Friday, June 28, 2024

VIRGIN LABFEST 19: Set A - Dilema

♣♣♣♣/♣♣♣♣♣

VENGEANCE OF THE GODS - Ifan (Jel Tarun) is a lawyer on a mission to convince a superstitious old man to testify against the owner of the company he is working for that is guilty for polluting the town’s sources of water. Despite his child being one of the victims and almost succumbing to death, Manong Odie (Jonathan Tadioan) won’t hear any of it because aside from the belief that what happened to his kid was a case of paranormal possession, he also doesn’t want to bite the hands that feed him. What follows is a long discussion of what really happened, seen from both the perspective of science and religion.

The philosophical entry. One of these always ends up at the Virgin Labfest and this is where your ears have to work overtime because the essence of the narrative is all in the dialogue. While overtly religious and superstitious people annoy the heck out of me, somehow I am getting closer to a conclusion that despite the advances in knowledge made available to society as it progresses, there will always be those who will choose to rely on faith as a way of coping with life. Perhaps nothing is wrong with that, until it overlaps with a non-believer’s beliefs that are grounded on law and science. This play had me thinking profoundly. Amen.

NINGAS - A Fireman (Ross Pesigan) in a late night shift is visited by a distraught Middle-Aged Lady (Ge Malacaman) who claims to be in need of emergency assistance. After putting his gear on, he is disappointed by the revelation that her emergency is not what he expected it to be. She claims to be his daughter. Correction, POTENTIAL daughter. All he has to do to make her come to life and make her real is to give her a name, before it is too late. He reminisces and recalls that one time when a man who claimed to be his potential son also paid him a visit once, and denied him of the name he was begging him for.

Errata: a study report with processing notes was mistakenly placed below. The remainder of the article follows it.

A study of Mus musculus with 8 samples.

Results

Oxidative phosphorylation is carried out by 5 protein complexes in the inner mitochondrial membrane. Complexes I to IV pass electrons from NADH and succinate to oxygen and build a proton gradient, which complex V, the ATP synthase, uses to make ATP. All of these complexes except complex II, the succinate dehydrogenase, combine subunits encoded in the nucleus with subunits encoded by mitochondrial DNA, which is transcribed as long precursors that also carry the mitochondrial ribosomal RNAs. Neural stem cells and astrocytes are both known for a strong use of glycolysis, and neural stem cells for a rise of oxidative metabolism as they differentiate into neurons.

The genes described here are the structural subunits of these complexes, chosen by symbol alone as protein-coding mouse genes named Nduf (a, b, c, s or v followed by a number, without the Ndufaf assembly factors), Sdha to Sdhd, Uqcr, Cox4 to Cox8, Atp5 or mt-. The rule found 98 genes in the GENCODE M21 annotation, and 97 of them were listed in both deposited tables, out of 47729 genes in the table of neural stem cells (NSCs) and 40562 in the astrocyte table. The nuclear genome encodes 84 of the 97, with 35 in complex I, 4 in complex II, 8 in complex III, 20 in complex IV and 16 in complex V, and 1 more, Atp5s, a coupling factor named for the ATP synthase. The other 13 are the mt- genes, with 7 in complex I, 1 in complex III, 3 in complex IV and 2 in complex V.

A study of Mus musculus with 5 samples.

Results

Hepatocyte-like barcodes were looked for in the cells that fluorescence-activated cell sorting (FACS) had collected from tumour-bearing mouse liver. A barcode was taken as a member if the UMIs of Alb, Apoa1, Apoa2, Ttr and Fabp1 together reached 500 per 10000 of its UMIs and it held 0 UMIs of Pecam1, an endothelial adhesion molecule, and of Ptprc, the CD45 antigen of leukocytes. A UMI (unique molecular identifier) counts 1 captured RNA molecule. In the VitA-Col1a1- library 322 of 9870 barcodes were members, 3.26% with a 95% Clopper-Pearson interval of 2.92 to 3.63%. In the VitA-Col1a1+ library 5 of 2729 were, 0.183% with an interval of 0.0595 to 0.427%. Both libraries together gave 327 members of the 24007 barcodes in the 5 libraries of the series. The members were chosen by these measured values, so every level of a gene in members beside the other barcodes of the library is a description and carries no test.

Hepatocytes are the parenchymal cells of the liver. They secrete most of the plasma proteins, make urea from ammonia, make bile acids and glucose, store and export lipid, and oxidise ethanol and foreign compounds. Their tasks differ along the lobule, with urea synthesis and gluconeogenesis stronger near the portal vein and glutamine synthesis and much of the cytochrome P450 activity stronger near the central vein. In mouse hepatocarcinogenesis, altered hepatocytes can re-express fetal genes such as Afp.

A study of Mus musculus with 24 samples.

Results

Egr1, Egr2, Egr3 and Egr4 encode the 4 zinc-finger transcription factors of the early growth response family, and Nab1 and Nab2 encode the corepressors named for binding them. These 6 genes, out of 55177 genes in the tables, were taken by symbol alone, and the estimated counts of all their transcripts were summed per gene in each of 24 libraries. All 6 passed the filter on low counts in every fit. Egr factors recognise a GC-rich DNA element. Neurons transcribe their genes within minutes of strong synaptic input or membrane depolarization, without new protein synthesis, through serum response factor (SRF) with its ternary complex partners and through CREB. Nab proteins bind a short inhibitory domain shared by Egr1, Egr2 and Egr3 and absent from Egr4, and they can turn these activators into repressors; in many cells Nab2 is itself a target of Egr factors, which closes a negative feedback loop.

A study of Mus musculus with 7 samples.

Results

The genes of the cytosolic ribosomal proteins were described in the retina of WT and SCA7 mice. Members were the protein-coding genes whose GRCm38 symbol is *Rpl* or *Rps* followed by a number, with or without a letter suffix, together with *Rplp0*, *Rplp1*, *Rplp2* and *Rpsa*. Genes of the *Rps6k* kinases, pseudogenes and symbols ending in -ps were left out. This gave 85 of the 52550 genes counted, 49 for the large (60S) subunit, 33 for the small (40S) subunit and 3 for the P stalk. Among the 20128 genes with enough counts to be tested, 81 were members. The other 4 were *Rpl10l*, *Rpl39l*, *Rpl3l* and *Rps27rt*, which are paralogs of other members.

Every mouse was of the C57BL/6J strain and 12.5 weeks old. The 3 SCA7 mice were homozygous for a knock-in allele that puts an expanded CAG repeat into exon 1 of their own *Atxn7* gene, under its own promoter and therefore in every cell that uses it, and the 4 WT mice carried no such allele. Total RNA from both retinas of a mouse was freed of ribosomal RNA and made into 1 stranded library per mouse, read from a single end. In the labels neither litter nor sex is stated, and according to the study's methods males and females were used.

And then we have the weird and the whimsical. I don’t believe anyone in that theater was fully sold on the gimmick of a guy in his late 20’s being visited by a 50-something-year-old woman claiming to be his potential daughter if only he would give her a name that would bring her to life. Despite the absurdity of the premise, the nice thing about NINGAS is how the emotions, whatever it was that the playwright was intending to evoke from the audience, were defo elicited. There were even some people wiping their eyes as we reached the curtain call. There is just something so touching and poignant about this play that I simply cannot place.

LOVE ON THE BRAIN - After Ryan (Shaun Ocrisma) and Jake (Esteban Fulay Jr.) break up, the former finds a relationship too good to be true with Mike (Rap Robes), a drop dead gorgeous Tiktokerist whom he determines to be “The One”. And so when Jake calls and informs him that they are both HIV-positive, Ryan’s fairytale life comes crashing down as Mike does not take the bad news well and decides to walk out on him. He turns to Jake for support and the two end up discussing the ups and down of dating and sex life when you are HIV-positive, regardless whether you are undetectable or not.

HIV awareness campaign. Despite the downward trend of HIV infections worldwide, it remains an epidemic in the Philippines with an uptick of new cases averaging at 55 new diagnoses A DAY. The problem is not logistic or physiological in nature. After all, the country is well-equipped to curb the spread of this virus. The issue is psychological, the stigma and attitude toward it that no amount of vaccines and post-exposure prophylaxis can fix. While not as detailed as PETA’s Under My Skin which doubled as an HIV awareness seminar, LOVE ON THE BRAIN focuses more on the personal side of sex, relationships, and its complications for carriers of the virus.